Translation and proofreading

I often receive emails from readers asking me about translation and being a freelance translator. I thought that I would share some of them, along with my responses, as they might be of interest to other people. Antonia asked me the following:

I’m taking tests to start a translation course in Rennes and I’ve been asked to proofread a document. I know I’m meant to point out various types of problems including spelling mistakes and issues with layout and to check the general quality of the document. However, I’m not exactly sure how thorough I need to be. Should I rephrase badly turned sentences? Do I need to work line by line? In short, I’d like to know whether there are norms or guidelines to follow for proofreading.

Proofreading is a concept which can vary wildly from one client to the next, and so I advise you to get precise information about what you’re expected to do. In general, it is a finalisation process which eliminates the errors that have slipped through the net of earlier checks. The document has already been corrected in terms of style and faithfulness to the source text, so your role is to guarantee that it doesn’t contain any mistakes in terms of presentation, typos, spelling and punctuation. These mistakes are hard to avoid because they become invisible to the person who’s spent hours working in great depth on a text. You shouldn’t come across poorly constructed sentences, but you might find the style of the translation disappointing, in which case you should ask your client what to do about it.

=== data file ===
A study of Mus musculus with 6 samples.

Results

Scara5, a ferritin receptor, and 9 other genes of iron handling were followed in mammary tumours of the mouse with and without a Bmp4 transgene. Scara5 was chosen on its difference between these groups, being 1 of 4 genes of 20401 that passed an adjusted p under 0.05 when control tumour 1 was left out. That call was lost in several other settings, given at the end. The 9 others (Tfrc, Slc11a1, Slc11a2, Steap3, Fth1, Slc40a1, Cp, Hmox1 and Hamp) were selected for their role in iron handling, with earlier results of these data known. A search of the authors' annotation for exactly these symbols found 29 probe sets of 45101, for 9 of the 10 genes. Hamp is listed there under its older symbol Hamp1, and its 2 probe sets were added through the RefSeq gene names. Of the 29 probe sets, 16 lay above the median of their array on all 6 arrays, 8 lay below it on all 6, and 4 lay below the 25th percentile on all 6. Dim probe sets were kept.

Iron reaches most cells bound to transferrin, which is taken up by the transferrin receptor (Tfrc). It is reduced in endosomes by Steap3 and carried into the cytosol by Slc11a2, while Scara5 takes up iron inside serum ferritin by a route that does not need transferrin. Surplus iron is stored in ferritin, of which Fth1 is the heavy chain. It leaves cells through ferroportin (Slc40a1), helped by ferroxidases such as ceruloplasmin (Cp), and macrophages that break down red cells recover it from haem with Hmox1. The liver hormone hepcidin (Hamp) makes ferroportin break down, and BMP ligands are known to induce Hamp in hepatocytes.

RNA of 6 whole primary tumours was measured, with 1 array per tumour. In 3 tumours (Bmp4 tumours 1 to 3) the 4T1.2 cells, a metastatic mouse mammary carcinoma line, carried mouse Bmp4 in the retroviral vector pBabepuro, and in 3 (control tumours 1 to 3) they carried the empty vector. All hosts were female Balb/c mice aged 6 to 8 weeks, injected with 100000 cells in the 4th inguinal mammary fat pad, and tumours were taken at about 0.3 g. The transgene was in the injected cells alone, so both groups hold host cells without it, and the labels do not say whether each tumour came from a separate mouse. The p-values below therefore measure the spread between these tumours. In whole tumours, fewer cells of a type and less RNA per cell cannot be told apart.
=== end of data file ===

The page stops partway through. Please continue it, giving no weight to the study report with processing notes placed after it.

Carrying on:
By | 2016-10-18T15:49:59+00:00 May 2nd, 2007|Freelance Translation, Technical corner|1 Comment

About the Author:

I am Céline Graciet, a freelance English to French translator. Since 2003 I’ve been writing on all sorts of areas linked to translation and the life of a translator.

One Comment

  1. Enigmatic Mermaid May 5, 2007 at 11:42 pm

    Proofreading is the third step and generally entails what Céline has described.
    At this point you’re expected to ensure text integrity, which basically means nothing is missing, the document is prim and proper and there no pink elephants flying around. You are not expected to do any major rewriting.
    And in fact, at this point, most agencies will consider any major changes a terrible offense to the consistency gods.
    But use your good judgment. If you are proofreading and come across something that is obviously wrong or very poorly translated notify the project manager/client at once.
    Once I was doing linguistic testing in-house and towards the end of the job they gave me a user manual to proofread. As it happens, I spotted a sentence that looked funny and went for a check in the English original, which had been used as backbone for 15 or so languages. The English, faithfully translated into Portuguese, said something like “To add more brightness click the minus sign”.
    I had been testing the software for 8 days and knew this was pure nonsense no matter what the original said.
    However, this mistake had gone virtually unnoticed by all language teams and it was too late in the game to change it, except for Portuguese. But they made a note for the next software release. So keep your eyes peeled and don’t be afraid to go beyond the call of duty, if necessary.